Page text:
The widely-held view that public sector workers take more sick leave than their private sector counterparts is misleading, the Health and Safety Executive (HSE) has said.
Instead, there is evidence of higher rates of unrecorded absences within the private sector, which is dominated by smaller businesses.
Its study on absence, sickness and ill health, based on 10,000 staff interviews, found levels of absence were higher across the board in organisations with more than 250 staff.
As almost all public sector organisations employed more than 250 workers, while the majority of private sector staff worked in small or medium-sized organisations, the findings would inevitably be less favourable to the public sector.
When the size of an organisation and differences in the age and gender profiles were taken into account, the differences in public and private sector sickness absence rates were small – an average of approximately 0.3 days per employee.
The average number of days’ absence per employee in small private businesses was four days, compared with an average of seven days in large private sector organisations.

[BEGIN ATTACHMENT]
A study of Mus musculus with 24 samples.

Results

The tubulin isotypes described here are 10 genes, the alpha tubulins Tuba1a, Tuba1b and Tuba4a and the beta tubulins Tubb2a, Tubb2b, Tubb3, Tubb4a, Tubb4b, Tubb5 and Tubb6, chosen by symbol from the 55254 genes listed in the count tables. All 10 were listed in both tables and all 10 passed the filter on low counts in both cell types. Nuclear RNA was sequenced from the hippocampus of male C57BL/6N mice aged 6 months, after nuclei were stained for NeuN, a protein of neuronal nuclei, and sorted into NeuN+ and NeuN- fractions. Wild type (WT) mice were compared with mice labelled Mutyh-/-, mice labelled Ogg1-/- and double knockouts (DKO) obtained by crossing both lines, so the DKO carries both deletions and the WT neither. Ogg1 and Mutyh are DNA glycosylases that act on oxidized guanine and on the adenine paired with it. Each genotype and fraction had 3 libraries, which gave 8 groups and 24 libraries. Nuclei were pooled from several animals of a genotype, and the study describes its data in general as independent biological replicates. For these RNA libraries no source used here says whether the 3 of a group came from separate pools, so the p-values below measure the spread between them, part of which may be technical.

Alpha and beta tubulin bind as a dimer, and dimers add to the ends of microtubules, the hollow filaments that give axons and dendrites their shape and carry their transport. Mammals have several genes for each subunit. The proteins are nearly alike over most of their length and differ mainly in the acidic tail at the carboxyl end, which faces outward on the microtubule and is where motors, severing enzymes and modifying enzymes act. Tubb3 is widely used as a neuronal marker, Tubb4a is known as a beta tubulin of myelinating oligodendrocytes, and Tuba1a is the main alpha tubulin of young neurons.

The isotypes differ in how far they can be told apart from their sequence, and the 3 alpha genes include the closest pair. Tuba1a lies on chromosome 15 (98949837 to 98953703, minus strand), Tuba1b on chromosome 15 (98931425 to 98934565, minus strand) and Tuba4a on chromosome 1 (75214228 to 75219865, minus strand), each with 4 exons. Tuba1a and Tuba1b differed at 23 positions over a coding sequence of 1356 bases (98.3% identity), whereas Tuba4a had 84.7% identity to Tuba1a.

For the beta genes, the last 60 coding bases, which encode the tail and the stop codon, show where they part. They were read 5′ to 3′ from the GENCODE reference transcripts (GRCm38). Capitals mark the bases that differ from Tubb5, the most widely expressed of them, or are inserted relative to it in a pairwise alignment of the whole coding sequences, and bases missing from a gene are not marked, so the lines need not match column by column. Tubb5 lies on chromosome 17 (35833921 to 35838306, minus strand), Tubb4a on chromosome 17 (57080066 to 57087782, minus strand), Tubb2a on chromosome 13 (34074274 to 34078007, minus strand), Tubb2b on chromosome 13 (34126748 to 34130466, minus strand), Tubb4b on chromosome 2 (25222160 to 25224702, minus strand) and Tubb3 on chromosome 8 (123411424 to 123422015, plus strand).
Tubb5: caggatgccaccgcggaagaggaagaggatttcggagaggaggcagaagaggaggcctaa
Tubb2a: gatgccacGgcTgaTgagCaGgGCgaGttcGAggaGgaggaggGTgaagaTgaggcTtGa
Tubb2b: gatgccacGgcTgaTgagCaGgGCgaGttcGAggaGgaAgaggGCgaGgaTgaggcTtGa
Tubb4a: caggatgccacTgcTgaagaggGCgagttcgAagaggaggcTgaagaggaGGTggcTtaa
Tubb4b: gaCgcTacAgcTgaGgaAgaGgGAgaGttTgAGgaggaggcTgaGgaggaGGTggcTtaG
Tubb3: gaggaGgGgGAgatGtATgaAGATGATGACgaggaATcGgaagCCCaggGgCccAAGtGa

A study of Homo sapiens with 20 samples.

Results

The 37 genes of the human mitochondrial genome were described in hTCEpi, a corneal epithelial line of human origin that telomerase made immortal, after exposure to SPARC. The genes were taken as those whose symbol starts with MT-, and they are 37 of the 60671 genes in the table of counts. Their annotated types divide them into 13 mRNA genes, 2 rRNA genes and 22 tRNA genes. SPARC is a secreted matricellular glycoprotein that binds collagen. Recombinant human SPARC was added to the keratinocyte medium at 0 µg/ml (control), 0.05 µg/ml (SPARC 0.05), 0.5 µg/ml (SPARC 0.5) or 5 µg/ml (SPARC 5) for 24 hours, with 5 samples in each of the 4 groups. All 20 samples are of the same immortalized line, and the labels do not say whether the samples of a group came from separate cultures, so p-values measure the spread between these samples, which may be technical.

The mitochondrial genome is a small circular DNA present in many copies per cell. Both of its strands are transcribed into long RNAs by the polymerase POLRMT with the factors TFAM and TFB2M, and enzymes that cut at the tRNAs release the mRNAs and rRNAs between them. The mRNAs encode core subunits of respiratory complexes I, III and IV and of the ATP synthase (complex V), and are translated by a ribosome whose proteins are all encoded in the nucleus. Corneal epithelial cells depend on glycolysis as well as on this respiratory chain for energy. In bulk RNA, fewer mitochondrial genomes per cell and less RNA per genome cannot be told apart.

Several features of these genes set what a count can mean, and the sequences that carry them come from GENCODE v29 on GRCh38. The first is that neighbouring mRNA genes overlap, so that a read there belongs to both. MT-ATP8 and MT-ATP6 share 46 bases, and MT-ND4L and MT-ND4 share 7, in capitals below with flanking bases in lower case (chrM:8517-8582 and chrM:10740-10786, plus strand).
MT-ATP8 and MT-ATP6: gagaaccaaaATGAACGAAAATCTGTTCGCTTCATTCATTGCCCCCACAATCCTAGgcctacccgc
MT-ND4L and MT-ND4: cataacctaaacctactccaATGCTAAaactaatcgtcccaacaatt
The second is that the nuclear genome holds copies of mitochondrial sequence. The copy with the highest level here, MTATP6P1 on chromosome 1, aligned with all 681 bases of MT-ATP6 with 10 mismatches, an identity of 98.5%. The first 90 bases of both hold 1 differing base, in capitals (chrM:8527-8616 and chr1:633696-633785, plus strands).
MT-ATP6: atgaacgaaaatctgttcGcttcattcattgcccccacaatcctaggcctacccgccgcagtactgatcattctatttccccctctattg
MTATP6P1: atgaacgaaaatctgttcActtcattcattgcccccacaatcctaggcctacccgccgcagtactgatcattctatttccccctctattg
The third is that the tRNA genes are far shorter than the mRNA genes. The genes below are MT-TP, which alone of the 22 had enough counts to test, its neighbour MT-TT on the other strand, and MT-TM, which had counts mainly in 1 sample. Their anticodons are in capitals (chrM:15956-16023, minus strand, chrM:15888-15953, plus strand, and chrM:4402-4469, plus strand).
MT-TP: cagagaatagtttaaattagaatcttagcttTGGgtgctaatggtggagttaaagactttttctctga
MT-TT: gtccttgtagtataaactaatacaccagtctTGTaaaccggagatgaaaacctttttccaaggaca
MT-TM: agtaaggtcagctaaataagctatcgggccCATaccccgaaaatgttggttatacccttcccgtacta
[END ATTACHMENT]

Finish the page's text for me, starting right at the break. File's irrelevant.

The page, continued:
On average, women had more sickness absence than men, and the public sector employed a higher proportion of female staff.
Older staff took more days off, although young people had more spells of short-term absence. Nevertheless, the age profile of the public sector is older than the private sector, the study pointed out.
It also found that public sector employees were more likely to work while they are ill.
Reports of work-related stress were more prevalent among staff who work face to face with the public, and stress was more widely reported among public sector respondents – with more public sector staff engaging with the public than their private sector counterparts.
More than one-fifth of private sector staff said they received no pay for the first three days of continuous absence, said the HSE.